FC Barcelona Basketball announced on Friday that Juan Carlos Navarro is retiring from basketball and joining the team’s staff for the 2018-19 season.
Navarro has some unique ties to Wizards history. Washington selected him with the 40th overall pick in the 2002 NBA Draft, but Navarro opted to stay in Spain after he was selected and build up his value. He was named Spanish League MVP in 2006 and decided to make the jump the following year.
Unfortunately, there was one problem: Second round picks don’t have rookie-scale contracts like first rounders; they have to be signed with cap space or an exception. The Wizards lacked both that summer and wound up trading Navarro’s rights to Memphis for a conditional first round pick. The deal allowed Memphis team up Navarro with fellow Spaniard Pau Gasol.
Despite Memphis’ issues, Navarro had a solid rookie season. He earned Second-Team All-Rookie honors after averaging 10.9 points per game and shooting over 36 percent from deep on over five attempts per game, but he had no desire to continue playing abroad on a rebuilding team. He returned to Barcelona that summer and wound up having a very decorated career in Europe both with his club and with the Spanish national team.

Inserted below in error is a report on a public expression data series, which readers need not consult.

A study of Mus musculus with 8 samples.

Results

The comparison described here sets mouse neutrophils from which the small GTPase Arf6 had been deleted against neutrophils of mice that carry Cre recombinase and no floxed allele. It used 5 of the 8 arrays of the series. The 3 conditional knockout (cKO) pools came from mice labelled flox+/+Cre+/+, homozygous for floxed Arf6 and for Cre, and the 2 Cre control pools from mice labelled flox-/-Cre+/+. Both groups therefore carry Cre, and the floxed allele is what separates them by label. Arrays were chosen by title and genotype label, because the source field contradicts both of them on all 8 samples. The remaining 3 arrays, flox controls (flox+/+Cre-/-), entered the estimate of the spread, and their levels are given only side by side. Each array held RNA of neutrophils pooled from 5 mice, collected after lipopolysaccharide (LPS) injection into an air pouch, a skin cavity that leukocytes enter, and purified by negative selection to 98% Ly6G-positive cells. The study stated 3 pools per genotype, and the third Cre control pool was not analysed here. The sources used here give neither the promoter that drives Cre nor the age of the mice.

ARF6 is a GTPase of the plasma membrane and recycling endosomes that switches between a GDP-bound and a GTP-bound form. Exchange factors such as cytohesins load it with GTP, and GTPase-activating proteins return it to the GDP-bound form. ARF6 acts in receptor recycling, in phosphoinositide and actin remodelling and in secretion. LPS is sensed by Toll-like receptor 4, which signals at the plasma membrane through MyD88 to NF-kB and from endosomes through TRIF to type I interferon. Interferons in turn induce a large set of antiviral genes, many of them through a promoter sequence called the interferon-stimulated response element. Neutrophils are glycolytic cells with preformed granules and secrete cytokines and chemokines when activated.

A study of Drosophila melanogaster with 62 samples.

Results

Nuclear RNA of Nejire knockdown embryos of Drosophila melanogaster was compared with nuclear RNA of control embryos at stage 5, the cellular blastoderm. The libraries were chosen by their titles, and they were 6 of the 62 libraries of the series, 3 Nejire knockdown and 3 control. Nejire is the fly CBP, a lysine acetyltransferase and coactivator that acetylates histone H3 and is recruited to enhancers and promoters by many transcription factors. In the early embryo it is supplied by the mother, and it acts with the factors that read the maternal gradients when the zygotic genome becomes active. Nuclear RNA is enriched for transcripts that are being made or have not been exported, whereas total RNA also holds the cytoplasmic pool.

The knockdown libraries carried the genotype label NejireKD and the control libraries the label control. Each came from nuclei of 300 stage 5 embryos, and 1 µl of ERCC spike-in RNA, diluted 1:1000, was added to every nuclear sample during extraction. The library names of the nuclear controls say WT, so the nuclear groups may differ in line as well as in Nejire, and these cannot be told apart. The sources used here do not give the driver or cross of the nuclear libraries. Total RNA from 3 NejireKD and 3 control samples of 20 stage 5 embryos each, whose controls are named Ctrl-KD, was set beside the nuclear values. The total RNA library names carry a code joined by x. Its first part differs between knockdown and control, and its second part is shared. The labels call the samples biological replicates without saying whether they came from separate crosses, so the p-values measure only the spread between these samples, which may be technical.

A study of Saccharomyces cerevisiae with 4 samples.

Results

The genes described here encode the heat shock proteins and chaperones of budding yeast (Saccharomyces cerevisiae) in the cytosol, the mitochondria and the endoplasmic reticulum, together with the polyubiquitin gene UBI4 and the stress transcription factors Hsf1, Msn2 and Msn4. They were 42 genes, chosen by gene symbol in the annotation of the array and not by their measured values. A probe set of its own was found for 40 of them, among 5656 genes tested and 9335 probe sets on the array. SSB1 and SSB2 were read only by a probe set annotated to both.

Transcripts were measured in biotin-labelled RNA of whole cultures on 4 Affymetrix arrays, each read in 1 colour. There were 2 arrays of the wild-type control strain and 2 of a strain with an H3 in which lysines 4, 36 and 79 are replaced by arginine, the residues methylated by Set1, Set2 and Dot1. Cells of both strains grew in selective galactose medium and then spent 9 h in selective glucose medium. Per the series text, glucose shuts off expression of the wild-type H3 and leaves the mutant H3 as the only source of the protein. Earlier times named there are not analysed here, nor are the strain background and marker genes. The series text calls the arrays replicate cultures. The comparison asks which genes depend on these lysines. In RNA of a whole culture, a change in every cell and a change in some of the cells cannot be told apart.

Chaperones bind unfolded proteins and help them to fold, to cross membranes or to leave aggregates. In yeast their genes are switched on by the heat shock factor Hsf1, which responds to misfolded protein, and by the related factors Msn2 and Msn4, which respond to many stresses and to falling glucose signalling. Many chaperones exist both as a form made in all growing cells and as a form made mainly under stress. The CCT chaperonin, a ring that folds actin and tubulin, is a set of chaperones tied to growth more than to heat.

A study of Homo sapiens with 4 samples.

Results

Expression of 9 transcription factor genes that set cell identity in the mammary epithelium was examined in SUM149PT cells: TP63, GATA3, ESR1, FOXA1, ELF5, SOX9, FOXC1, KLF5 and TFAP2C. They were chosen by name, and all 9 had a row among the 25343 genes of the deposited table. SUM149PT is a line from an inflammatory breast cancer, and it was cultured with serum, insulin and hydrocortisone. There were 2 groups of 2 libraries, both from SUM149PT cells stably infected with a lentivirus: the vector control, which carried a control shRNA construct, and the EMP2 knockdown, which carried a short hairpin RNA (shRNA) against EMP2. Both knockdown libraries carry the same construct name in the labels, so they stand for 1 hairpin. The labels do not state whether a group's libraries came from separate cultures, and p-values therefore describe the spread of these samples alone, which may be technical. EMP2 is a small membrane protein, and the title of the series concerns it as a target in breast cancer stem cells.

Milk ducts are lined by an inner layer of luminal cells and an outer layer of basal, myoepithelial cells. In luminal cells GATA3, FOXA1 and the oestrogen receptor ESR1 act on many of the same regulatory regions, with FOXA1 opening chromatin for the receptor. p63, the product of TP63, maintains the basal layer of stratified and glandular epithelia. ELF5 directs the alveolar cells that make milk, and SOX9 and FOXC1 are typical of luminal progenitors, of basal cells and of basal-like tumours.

Even though his NBA story ended in 2008, he continued to have an impact on Washington after he returned to Spain.
- At Barcelona, Navarro wound up crossing paths with another one of the Wizards’ European prospects: Tomas Satoransky. The two of them played together for two seasons in Spain before Satoransky made the jump to the NBA in 2016.
- Remember that pick the Wizards got back in trade with Memphis? Well, trading Gasol in 2007, the Grizzlies decided they should start stockpiling draft picks. As part of that effort, they made a push to reacquire the pick they had sent as part of the Navarro deal. They wound up working out a deal as part of a three-way trade where Memphis got the pick back in exchange for a rarely-used guard by the name of Javaris Crittenton.
- Navarro went down as the final draft pick of the Michael Jordan’s underwhelming tenure in Washington, and frankly, you could argue he was the best pick of the bunch. Navarro’s long, successful career in Europe is probably more meaningful than the shorter, less decorated NBA careers of the rest of his picks.